We could have done some good, but Trump did this instead

photo courtesy pexels.com (Todd Trapani)

I prayed for rain. Extended downpours, or even a thunderstorm. I needed the kind of rain that made people stay home.

It’s not the kind of thing for which I pray, ever. And I felt guilty doing it. Prayers for rain should be reserved for farmers, or those threatened by drought or fires.

But what could combat America’s tanks, fighter jets and a wannabe strongman using our military to pad his monumentally sized ego in front of our greatest monuments?  Oddly it was bad weather. That was the answer.

“What we need is a rainout,” were the great words suggested in the classic baseball movie, Bull Durham. The only trouble I had was I didn’t have Crash Davis around to guarantee it for America this time.

The Independence Day celebration on the National Mall organized by and for President Donald Trump was an embarrassing display on multiple levels. All are important.

First, it will cost millions of taxpayer dollars. We are paying for this vanity project. My first question is who asked for this? It wasn’t the military, or some demographic that needed the expenditure for some measurable or meaningful purpose. No one asked him to do this. No one.

We could have spent the money on veterans in need. But we didn’t.

Second, the event will be audited for a couple of different reasons. Though the White House is passively trying to keep from crossing the partisan line, the event is political and is being funded by taxes. Even if the speech did not sound partisan or like a campaign ad on its face to you, special access to the event was given or sold to GOP and Trump donors. There is no avoiding the congressional oversight the event will provoke.

We could have spent the audit money on hygiene items and clean clothes for children detained on the border. But we won’t.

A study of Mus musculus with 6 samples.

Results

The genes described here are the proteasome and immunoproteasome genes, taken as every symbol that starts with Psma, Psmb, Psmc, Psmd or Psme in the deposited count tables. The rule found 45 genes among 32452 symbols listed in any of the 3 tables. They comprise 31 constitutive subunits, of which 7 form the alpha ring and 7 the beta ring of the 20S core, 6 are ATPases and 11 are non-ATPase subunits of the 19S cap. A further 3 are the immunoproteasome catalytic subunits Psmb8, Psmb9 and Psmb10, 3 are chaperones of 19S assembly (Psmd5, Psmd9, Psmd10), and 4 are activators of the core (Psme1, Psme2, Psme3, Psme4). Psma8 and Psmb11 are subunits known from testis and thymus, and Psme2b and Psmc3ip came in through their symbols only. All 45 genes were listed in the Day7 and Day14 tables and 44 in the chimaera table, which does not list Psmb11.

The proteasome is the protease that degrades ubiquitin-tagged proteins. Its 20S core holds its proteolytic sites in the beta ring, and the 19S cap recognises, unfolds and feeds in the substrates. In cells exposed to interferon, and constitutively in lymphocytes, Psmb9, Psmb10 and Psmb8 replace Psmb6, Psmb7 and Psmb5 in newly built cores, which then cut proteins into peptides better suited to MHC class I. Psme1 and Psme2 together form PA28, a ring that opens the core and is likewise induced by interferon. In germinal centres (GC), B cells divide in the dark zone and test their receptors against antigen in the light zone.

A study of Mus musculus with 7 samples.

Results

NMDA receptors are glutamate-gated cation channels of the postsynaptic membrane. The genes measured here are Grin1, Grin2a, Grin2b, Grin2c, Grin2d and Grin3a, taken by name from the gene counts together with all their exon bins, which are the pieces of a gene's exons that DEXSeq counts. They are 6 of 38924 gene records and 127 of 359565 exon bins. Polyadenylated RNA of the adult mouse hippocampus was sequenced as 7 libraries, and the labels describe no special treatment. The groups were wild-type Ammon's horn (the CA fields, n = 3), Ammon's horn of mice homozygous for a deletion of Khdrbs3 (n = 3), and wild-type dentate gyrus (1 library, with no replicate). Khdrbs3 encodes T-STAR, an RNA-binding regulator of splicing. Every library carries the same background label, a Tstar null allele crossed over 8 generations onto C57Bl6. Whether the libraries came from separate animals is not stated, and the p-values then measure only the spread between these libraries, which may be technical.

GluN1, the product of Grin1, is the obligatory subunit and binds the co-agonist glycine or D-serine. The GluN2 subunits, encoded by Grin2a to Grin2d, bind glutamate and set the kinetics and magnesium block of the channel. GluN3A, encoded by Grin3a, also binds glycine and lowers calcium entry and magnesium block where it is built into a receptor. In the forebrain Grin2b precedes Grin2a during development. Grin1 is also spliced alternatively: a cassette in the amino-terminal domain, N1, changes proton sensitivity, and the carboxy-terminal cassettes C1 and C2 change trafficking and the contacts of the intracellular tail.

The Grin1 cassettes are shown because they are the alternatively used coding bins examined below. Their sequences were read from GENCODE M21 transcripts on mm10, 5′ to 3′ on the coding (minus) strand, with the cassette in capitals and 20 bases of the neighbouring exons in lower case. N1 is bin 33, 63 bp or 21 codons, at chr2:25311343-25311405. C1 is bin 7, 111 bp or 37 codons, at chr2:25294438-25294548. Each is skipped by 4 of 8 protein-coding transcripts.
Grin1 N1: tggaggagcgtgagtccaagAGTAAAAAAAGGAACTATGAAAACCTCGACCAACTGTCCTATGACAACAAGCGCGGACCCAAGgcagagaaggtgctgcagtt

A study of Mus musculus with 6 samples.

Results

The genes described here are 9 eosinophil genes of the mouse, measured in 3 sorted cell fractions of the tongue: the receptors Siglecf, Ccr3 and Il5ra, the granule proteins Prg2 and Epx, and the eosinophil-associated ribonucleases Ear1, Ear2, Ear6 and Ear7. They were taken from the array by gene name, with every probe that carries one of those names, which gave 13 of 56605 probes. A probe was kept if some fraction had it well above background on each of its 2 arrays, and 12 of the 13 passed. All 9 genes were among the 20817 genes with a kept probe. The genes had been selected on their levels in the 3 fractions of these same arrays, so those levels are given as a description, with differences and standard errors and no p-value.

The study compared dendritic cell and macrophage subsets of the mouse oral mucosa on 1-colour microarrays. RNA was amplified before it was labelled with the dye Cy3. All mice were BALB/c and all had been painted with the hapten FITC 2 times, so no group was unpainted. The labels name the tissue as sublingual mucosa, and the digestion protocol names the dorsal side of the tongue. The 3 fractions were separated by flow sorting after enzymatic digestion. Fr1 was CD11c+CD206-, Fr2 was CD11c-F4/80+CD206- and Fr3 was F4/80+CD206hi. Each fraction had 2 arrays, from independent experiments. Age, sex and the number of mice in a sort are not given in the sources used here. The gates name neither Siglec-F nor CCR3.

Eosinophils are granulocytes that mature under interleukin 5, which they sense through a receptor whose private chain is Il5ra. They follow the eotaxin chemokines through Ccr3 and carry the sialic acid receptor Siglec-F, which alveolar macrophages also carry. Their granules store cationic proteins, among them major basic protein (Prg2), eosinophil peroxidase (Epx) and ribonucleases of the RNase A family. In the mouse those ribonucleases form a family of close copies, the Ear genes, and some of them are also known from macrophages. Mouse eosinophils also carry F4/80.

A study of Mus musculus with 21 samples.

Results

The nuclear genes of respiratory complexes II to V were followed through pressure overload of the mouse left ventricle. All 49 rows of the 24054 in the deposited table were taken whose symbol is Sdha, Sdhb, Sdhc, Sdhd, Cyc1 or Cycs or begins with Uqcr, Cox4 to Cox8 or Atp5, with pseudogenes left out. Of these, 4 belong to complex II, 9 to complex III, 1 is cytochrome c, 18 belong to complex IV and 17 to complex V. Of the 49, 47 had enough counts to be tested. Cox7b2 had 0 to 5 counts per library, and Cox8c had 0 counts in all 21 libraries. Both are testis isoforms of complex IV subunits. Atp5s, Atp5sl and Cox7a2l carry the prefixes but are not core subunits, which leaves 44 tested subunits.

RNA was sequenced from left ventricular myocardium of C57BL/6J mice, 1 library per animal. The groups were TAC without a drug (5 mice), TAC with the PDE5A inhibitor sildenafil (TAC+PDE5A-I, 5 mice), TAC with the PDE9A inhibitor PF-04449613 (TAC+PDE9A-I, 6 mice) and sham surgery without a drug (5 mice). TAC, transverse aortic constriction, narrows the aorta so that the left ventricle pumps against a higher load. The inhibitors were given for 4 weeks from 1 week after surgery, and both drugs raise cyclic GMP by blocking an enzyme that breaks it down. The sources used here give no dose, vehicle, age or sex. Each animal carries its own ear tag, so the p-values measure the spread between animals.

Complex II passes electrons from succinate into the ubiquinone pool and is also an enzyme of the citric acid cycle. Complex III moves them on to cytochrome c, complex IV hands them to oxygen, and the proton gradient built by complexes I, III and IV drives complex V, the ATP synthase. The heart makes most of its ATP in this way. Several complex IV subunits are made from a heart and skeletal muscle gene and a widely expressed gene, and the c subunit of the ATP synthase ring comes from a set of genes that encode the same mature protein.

The speech he delivered surprisingly did stick to the theme of the event, “A Salute To America.” It is evidence that he does have enough discipline to stick to a script when needed. It is also evidence that even he knew the stakes were elevated, and that he was responsible for elevating them. Pushing his partisan, trademark meanness to pander to his base would cause him more problems than it would solve this time. Even in his view.

I was struck by one passage of the speech. He said “as long as we never, ever stop fighting for a better future, then there will be nothing that America cannot do.” While this sounds like standard politician-speak, it is not for Trump. The strength of his precious base is its shared list of grievances, not its shared optimism. His “Make America Great Again” sales pitch is made to people who believe the only way to be great is to return to our glory days of the past.

He could spend more of his time showing all of America that he believes together, we can build a better future. Be he won’t.

It is striking to me how deep the differences are between what our citizenry sees as the point of Independence Day and how the president sees it. The Declaration of Independence was passed and signed on July 4, 1776. It was not a military operation, but quite literally, a declaration. The document combined purpose with principle. It does not declare war, it declares freedom from Great Britain. It was sent to King George III, and to the world for that purpose.

This is what we celebrate on this day every year. It is not a celebration of military strength. At the time of its signing, we really didn’t have any. It is a document that declares our freedom and many of our founding principles. In rereading it yesterday, I was reminded of one of its complaints against the King: “He has endeavored to prevent the population of these States; for that purpose obstructing the Laws for Naturalization of Foreigners…”

It’s fascinating that this passage is the seventh on a list of twenty-seven grievances. George III did not want America growing, and our founding fathers absolutely did. Given the crises of today, it is ironic how prominent this issue is in our founding document.

President Trump could have spent the week speaking or even Tweeting in a more unifying voice on these things. But he didn’t.

My prayers were answered: it did rain. Not a rainout, but rain just the same. It was a stupid prayer. I won’t let it happen again.